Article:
TUESDAY, Sept. 13, 2022 (HealthDay News) -- President Joe Biden made a renewed push for his cancer moonshot initiative on Monday.
Speaking at the famed John F. Kennedy Presidential Library and Museum in Boston, Biden likened JFK's space race to his own effort to slash cancer rates by 50% in the next 25 years.
“He established a national purpose that could rally the American people and a common cause,” Biden said of Kennedy's space effort.
"And I believe we can usher in the same unwillingness to postpone, the same national purpose, that will serve to organize and measure the best of our energies and skills to end cancer as we know it and even cure cancers once and for all," he added.
In his speech, Biden said the U.S. National Cancer Institute (NCI) has launched a study that will look at using blood tests to screen against multiple cancers.
Danielle Carnival, the White House coordinator for the cancer effort, told the Associated Press that the Biden administration sees huge potential in such blood tests.
“One of the most promising technologies has been the development of blood tests that offer the promise of detecting multiple cancers in a single blood test and really imagining the impact that could have on our ability to detect cancer early and in a more equitable way,” Carnival said.
Carnival said the National Cancer Institute study was designed so that any promising findings could be quickly put into clinical practice while the longer study -- expected to last up to a decade -- continues. She said the goal is to detect cancers through routine bloodwork instead of invasive tests and biopsies.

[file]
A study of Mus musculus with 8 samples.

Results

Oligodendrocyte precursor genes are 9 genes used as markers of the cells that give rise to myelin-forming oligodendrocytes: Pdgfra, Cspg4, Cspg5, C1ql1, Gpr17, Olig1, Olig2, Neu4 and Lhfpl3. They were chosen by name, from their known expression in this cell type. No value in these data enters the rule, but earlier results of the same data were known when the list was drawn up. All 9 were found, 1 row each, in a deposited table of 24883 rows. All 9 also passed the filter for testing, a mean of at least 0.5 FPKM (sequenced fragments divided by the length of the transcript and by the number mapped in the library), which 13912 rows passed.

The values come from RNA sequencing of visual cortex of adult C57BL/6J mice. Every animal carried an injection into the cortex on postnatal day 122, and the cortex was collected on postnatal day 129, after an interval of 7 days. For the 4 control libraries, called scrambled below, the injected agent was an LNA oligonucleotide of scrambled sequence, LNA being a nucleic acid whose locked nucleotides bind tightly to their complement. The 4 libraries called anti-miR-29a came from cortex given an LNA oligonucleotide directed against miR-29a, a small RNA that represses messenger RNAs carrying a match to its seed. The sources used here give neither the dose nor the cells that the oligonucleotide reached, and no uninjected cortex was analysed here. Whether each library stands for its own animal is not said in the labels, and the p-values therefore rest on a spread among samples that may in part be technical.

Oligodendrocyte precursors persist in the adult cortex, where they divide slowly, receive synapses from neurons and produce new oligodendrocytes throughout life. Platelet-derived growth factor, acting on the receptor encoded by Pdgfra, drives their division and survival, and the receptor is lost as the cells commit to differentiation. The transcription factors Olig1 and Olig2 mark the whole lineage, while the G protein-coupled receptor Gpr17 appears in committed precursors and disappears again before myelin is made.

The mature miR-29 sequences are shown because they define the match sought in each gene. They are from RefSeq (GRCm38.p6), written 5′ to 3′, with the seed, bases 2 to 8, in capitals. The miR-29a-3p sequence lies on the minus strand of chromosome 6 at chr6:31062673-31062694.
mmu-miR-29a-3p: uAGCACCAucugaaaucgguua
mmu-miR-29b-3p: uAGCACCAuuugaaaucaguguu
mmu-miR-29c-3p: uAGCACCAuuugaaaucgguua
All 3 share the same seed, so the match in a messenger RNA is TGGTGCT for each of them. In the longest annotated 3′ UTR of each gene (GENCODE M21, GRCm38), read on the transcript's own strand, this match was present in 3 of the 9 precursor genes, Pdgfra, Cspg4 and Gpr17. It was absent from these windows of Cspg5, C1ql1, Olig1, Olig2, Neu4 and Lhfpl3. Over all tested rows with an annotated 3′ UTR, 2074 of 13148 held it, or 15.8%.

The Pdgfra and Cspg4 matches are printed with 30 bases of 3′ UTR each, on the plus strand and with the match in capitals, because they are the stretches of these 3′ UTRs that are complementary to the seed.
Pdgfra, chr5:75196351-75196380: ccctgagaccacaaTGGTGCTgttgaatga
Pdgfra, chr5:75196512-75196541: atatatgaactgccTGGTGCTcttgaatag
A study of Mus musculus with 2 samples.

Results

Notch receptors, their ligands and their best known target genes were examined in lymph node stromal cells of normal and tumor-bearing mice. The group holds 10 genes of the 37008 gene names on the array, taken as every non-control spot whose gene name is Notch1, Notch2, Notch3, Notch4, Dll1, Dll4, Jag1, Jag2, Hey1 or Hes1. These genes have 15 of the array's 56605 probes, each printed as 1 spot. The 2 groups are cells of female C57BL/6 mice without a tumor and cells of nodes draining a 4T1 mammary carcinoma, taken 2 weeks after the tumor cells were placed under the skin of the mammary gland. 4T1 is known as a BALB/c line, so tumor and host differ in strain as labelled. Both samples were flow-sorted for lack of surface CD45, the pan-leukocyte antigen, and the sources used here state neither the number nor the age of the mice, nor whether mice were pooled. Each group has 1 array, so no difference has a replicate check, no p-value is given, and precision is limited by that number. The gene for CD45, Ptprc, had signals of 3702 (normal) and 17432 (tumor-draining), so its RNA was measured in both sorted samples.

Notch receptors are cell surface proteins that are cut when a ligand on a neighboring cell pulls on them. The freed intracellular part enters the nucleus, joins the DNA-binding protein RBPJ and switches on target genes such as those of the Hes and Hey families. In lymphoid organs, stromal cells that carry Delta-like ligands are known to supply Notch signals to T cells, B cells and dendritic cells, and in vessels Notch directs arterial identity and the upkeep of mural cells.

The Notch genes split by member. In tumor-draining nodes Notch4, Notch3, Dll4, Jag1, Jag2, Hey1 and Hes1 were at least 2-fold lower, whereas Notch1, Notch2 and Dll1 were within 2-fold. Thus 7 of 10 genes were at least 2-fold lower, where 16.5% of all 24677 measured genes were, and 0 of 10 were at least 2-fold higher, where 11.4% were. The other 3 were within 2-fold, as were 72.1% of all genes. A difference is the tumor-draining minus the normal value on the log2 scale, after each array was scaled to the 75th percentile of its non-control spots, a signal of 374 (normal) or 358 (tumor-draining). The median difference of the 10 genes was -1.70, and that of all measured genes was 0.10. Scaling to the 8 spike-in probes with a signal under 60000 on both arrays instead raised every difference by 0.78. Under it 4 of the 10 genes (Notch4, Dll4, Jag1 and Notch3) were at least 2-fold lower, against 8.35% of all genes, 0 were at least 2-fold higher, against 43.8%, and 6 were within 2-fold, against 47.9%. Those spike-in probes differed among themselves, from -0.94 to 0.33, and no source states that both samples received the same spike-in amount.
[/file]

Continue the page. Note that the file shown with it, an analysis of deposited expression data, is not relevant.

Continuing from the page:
The issue is personal for Biden, who lost his son Beau in 2015 to brain cancer. After Beau’s death, Congress passed the 21st Century Cures Act, which dedicated $1.8 billion over seven years for cancer research and was signed into law in 2016 by President Barack Obama.
Despite that, the cancer initiative lacks the same level of funding that the space program had. More than $20 billion, equal to more than $220 billion in 2022 dollars, was poured into the Apollo space program, the AP reported.
While touting the cancer initiative on Monday, Biden announced that Dr. Renee Wegrzyn would become the inaugural director of the Advanced Research Projects Agency for Health (ARPA-H), which has been tasked with studying potential treatments and cures for cancers, Alzheimer’s, diabetes and other diseases. Biden also announced a new NCI program that will fund young scientists studying treatments and cures for cancer, with a focus on underrepresented groups.
Even without new breakthroughs, progress can be made by making cancer care more equitable, Dr. Crystal Denlinger, chief scientific officer for the National Comprehensive Cancer Network, told the AP.
But any effort to cut the cancer death rate will need to focus on the biggest cancer killer, which is lung cancer, the AP reported. Mostly attributable to smoking, lung cancer now causes more cancer deaths than any other cancer.
Lung cancer screening is helping. The American Cancer Society says such screening helped drive down the cancer death rate 32% from its peak between 1991 and 2019, the AP reported.
Visit the U.S. National Cancer Institute for more on the cancer moonshot program.